Macao Ends 44 Years of Horse Racing as Casinos Continue COVID Recovery

Land Based Casinos Business
Edward Scimia

Updated by Edward Scimia

Journalist

Last Updated 1st Apr 2024, 11:41 PM

Macao Ends 44 Years of Horse Racing as Casinos Continue COVID Recovery

A scene from the final horse races run at the Macao Jockey Club on Saturday, where equestrian betting has long been part of the Chinese casino landscape. (Image: Louise Delmotte / Associated Press / Alamy)

The Macao Jockey Club (MJC) held its final races for the foreseeable future on Saturday, ending a 44-year tradition of horse racing at the gambling hub.

The decision came even as casinos in the city continue to post improving revenues in the wake of the COVID-19 pandemic.

Large Crowd Comes Out for Last Races

The Macao government made the decision to end its contract with the Macao Jockey Club in January, after the Macao Horse Race Company requested an end to the concession due to operational challenges.

On the final day of racing, more than 3,000 spectators came out to watch and bet on the races. That was more than six times the typical crowd of the last year, which averaged just 492 attendees. The crowd was boosted by first-time visitors, former fans coming back for one last bet, and tourists who heard the news about the track.

“We could come here to see horse racing in Macao, but not in mainland China,” Mai Wan-zun, a mainland Chinese student who traveled to Macao for the final day of racing, told the Associated Press. 

According to the MJC, it was operating at a loss of over 2.5 billion patacas ($310 million) as of January. Betting handle, which peaked at more than 9 billion patacas ($1.12 billion) in the 2003-2004 season, had fallen to just 140 million patacas ($17.4 million) last year.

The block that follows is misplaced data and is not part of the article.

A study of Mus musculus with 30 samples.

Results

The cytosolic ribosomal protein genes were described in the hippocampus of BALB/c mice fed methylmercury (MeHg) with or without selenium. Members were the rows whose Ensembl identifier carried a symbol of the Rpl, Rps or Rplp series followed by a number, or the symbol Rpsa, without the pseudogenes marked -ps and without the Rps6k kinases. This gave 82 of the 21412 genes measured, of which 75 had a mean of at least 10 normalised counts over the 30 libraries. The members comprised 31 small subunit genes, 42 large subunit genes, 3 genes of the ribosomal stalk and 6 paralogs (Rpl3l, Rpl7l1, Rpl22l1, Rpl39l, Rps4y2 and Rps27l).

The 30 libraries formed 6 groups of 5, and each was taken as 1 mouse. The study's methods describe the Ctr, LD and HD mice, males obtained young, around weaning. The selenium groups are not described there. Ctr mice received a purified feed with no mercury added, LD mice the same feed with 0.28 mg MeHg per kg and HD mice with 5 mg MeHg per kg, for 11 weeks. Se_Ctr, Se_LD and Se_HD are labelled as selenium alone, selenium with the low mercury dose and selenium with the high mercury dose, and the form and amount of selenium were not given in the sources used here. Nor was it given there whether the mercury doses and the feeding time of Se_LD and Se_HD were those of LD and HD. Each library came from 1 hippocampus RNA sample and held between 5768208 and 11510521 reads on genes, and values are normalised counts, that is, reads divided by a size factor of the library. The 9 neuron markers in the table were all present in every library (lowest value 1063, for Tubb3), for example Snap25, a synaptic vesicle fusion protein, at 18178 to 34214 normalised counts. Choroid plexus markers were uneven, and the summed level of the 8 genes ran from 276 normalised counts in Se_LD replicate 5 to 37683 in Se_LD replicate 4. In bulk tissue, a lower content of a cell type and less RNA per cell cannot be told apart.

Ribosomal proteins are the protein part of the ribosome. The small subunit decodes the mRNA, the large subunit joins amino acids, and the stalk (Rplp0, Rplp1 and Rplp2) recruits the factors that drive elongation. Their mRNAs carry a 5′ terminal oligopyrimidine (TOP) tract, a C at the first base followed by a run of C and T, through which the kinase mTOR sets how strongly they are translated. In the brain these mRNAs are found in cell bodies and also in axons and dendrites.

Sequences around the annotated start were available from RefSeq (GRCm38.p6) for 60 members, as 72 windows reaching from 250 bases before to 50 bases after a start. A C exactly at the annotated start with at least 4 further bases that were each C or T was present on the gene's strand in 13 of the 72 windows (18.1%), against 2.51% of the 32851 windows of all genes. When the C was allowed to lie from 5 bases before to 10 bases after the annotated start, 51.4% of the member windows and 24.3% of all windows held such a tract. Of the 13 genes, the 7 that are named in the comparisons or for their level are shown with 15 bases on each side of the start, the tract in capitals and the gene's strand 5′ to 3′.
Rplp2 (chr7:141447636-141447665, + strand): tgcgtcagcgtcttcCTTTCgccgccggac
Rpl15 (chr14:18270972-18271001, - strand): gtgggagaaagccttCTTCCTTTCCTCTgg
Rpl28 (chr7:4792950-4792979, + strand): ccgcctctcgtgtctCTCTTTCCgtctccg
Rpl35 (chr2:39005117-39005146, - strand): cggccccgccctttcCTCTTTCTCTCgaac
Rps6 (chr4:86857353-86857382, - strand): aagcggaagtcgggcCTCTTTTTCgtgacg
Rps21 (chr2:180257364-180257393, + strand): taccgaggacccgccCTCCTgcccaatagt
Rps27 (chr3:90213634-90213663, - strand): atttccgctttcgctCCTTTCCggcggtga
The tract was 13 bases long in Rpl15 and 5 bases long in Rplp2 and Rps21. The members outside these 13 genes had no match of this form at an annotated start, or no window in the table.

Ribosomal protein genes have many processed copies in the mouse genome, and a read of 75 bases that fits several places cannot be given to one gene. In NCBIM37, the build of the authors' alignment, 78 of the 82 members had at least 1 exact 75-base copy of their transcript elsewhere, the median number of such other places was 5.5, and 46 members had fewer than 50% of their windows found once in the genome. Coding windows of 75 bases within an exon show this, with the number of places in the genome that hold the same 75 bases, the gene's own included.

“There has been limited room for development and growth of the horse racing industry in Macao over the years,” the MJC said in a January statement. “And including the adverse effect bought about by pandemic over these last three years, it has become increasingly difficult to sustain the operations.” 

macau horse betting window

Horse racing bettors in Macao collecting on some of the last bets to be taken at the Macao Jockey Club, operating for decades in the shadow of the city's massive casinos. (Image: Louise Delmotte / Associated Press / Alamy)

Other Asian Racing Markets Thriving

The fate of horse racing in Macao runs in stark contrast to other Asian racing markets. In Hong Kong, for example, betting handle reached $17.9 billion in 2022, while Japan reported $21.7 billion in horse racing turnover in 2023. 

“MJC can only blame itself for its failure,” bettor Steve Kao, who has attended horse races in Hong Kong and Macao for 50 years, told Nikkei Asia. “The races were not clean, sometimes, so I don’t have confidence in them. I would bet a few hundred bucks in Hong Kong but I bet much less in Macao.”

The Macao government took control of the racecourse land and facilities on Monday. However, the MJC can stay on the premises while the more than 200 horses stabled there can be transported to other locations over the next year. 

According to the government, the land will not be repurposed for gambling.

The end of horse racing in Macao comes as the city’s casinos are getting back to the record revenues they enjoyed before the pandemic. In March, Macao casinos brought in 19.5 billion patacas ($2.42 billion), the most since January 2020 and up 53% year-over-year. That’s still well below pre-pandemic levels, however, as the industry made 25.84 billion patacas ($3.21 billion) in March 2019.

The closure of the MJC comes as the Macao government looks to diversify the local economy. Officials are aiming to have 60 percent of the city’s gross domestic product come from nongaming sectors by 2028.

Meet The Author

Edward Scimia
Journalist Journalist

Ed Scimia is a freelance writer who has been covering the gaming industry since 2008. He graduated from Syracuse University in 2003 with degrees in Magazine Journalism and Political Science. In his time as a freelancer, Ed has worked for About.com, Gambling.com, and Covers.com, among other sites. He has also authored multiple books and enjoys curling competitively, which has led to him creating curling-related content for his YouTube channel "Chess on Ice."